Swatting the Russian Moskito
Supposedly the very latest missile systems may be able to launch an interceptor rocket, accelerate it to the necessary Mach 4+ speeds very fast, and so manage to knock down such menaces as the Klub or Moskit ("mosquito"): but there's a lot of doubt about whether this would actually work - and there's no doubt at all about the crippling cost of such defensive kit and the limited number of counter-missiles a ship can fire before its tubes are empty.
But, as General Atomics has previously noted:
In the case of ship defense, the launch package can reach the horizon in seconds. This allows for engagement of threats much quicker and farther away than current systems, having the ability to replace multiple systems in the current layered defense approach, with the potential for reduction in the cost to defeat multiple threats by several orders of magnitude, and with a much deeper magazine than alternative approaches.
Certainly a railgun slug from the Blitzer, accelerating down the rails at 60,000G, is travelling at Mach 5 far sooner than an Aster can reach its top speed of Mach 4.5. The projectile could reach out and touch an inbound Vampire** much more quickly: a Blitzer-derived weapon would probably get more chances to score a hit than the Royal Navy's PAAMS/Sea Viper or the USN's Aegis warships would, and would have many more rounds to shoot. Asters and SM-2s have the advantage of being guided and more likely to make a hit, but the Blitzer's projectiles are already finned - it would be comparatively easy to make them smart, though the railgun would need to be aimed reasonably accurately to begin with.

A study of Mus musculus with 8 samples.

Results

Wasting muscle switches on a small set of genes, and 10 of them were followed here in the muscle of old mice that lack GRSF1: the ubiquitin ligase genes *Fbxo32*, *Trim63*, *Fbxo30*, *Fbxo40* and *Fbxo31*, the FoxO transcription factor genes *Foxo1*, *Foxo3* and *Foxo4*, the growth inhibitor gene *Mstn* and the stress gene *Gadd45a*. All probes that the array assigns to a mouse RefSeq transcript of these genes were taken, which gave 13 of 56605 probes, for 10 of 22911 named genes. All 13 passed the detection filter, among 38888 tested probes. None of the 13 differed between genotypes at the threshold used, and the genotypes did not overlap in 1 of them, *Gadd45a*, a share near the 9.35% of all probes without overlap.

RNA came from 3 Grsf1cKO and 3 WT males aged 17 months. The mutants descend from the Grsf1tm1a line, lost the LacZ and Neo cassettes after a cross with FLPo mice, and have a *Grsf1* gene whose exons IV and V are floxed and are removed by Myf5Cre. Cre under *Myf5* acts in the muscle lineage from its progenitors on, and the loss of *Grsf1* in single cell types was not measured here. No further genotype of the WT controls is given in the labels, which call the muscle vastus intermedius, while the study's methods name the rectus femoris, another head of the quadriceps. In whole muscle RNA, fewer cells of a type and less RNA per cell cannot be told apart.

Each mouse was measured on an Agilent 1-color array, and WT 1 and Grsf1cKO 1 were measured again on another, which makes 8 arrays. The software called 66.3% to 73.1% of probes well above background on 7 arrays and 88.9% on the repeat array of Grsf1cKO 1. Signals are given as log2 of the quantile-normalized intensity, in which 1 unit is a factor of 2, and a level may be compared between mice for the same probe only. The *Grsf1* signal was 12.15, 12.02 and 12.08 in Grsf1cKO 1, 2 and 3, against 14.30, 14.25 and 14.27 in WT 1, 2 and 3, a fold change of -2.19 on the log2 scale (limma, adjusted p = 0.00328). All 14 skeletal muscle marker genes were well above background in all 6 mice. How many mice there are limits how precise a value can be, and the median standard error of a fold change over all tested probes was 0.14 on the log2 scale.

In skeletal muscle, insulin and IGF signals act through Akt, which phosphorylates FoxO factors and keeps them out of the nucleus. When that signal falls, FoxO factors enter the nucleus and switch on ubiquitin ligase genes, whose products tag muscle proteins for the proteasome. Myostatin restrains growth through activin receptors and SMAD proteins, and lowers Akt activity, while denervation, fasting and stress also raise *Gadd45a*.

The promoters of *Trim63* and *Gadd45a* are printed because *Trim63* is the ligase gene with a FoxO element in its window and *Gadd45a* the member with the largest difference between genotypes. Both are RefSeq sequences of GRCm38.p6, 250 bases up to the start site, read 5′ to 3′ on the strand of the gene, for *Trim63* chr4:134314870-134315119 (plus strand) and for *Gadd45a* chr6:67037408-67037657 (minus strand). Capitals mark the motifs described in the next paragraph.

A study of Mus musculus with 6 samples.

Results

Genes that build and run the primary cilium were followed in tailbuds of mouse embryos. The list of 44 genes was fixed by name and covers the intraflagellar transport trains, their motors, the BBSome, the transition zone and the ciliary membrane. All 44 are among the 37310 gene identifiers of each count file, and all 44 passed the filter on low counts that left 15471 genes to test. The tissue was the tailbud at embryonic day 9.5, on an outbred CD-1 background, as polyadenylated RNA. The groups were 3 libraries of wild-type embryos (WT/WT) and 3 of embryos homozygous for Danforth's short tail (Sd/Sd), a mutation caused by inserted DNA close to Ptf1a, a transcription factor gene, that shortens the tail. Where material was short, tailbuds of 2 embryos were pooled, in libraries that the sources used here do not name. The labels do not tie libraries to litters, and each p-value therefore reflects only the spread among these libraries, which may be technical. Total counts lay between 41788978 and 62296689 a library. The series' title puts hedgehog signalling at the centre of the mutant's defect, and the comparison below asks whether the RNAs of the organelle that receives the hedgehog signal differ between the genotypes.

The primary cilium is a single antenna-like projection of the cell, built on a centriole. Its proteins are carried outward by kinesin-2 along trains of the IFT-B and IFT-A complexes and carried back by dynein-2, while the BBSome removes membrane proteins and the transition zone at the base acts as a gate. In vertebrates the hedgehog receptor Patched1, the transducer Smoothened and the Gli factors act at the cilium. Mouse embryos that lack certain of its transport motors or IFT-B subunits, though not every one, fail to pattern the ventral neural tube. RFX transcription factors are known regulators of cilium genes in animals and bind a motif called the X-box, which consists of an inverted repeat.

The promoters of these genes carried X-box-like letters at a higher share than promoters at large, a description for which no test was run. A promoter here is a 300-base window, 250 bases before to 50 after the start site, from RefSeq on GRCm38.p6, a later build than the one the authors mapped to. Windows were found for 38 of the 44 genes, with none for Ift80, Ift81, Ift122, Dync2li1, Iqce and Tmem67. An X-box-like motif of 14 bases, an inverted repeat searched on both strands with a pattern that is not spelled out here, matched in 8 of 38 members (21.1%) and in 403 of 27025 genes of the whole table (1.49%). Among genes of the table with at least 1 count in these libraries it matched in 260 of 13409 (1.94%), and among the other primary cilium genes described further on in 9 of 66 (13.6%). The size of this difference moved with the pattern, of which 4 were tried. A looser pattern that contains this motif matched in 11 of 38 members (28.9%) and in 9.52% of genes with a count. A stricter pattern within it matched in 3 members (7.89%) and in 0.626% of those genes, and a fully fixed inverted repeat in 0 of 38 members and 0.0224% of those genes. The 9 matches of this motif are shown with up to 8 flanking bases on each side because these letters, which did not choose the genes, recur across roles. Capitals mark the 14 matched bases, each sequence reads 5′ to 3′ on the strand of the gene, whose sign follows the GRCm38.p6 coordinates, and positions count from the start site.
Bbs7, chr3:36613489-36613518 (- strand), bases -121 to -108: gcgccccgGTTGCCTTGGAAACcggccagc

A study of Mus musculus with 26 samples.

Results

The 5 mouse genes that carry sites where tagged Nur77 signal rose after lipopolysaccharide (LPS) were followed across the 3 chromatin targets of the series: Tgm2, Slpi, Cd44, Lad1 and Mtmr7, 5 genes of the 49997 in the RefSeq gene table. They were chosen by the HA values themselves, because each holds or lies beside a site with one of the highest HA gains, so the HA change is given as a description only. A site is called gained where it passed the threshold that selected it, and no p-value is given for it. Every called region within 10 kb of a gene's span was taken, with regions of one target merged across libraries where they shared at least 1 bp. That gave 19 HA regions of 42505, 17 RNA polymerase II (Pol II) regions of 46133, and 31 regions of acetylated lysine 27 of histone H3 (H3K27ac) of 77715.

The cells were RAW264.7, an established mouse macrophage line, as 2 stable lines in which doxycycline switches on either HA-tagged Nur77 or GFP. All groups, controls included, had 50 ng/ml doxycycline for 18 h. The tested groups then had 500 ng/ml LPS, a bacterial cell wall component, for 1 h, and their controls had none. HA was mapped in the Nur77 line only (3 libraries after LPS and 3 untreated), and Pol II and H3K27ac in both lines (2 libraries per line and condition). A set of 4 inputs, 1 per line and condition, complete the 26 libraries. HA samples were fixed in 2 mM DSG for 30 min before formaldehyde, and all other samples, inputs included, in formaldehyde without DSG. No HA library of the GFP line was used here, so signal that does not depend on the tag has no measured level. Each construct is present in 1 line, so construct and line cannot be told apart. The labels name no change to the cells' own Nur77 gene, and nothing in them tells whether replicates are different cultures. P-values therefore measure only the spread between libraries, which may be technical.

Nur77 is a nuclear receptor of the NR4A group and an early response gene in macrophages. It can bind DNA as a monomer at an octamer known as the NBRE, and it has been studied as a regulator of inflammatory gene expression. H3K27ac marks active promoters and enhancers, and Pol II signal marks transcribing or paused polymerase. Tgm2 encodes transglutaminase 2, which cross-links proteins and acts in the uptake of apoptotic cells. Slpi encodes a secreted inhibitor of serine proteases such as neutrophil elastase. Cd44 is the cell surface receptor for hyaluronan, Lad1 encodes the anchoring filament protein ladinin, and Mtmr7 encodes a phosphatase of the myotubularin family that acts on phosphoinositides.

In the nearish future, depending how accurate GA's "tactically relevant" puffery turns out to be, warships equipped with Blitzer-type railgun turrets might offer far better air defences than Type 45 or Aegis vessels can today. Such defences might only be penetrable by bigger, heavier railguns firing from beyond the horizon - along the lines of the Dahlgren boffins' desired 64-megajoule weapon. It would, of course, require a massive capital ship to carry such guns and power them for any serious rate of fire - such a future might see the big-gun (railgun) dreadnought battleship return to its lost dominion over the seas, ousting the parvenu aircraft carrier, missile cruiser etc.
General Atomics may not be the firm building the weapons, however. The US Office of Naval Research, in charge of the railgun effort, has previously commissioned GA for a lot of the work - indeed the Blitzer was developed for the ONR. However the next ONR railgun, expected to open fire at Dahlgren next year, is to be built by the North American acquisitions of BAE Systems plc. ®
*The Google cache at the time of writing confirms that it wasn't up as of the 12th, certainly. As you can imagine, we here on the Reg crazy weapons desk check General Atomics' press page daily.
**The NATO brevity code word for "hostile anti-ship missile", which would take a bit too long to say on a voice circuit during an air attack.